Walkable City is a window to a future city where the pedestrian, the cyclist and accessibility rule, not cars. It is part of Future Window Sthlm — an audiovisual experience that shows how life in a better Stockholm could be, sound and feel.
It´s as if we can´t imagine a city without cars, which became evident when we worked on this window into the future. We sketched how future streets could look by asking an AI tool to generate images of a car-free street environment. But regardless of the instructions we gave, the AI consistently placed at least a couple of cars somewhere in the street environment. And if the AI, trained on millions of data points, can´t imagine a city environment without cars, then the car is king.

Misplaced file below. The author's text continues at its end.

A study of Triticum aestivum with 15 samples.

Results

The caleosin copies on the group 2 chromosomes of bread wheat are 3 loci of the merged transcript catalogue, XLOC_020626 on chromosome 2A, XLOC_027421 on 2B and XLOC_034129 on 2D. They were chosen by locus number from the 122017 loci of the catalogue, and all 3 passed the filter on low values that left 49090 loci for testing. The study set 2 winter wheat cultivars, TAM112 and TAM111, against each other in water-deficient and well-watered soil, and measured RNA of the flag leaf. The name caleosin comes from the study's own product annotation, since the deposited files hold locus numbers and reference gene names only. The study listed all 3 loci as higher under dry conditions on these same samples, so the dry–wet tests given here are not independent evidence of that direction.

Removing or significantly limiting car traffic in the city opens up a multitude of possibilities for better utilization of the environment. What would you like to see? More parks and gardens? More social spaces? Or perhaps more places for culture and art?
Of course, the walkable city will require intelligent solutions. From new distribution systems to new ways of getting around the city. A significant shift is also to focus on having everything people need in their daily lives nearby so that they don´t have to travel. In the city of the future, people should travel because they want to, not because they have to.
Removing cars requires courage, but in cities around the world where it has been done, they have found that people have become happier. There is usually loud opposition at first, but few want to turn back the clock once the pedestrian, bicycle, public transportation, and accessibility-focused city are in place.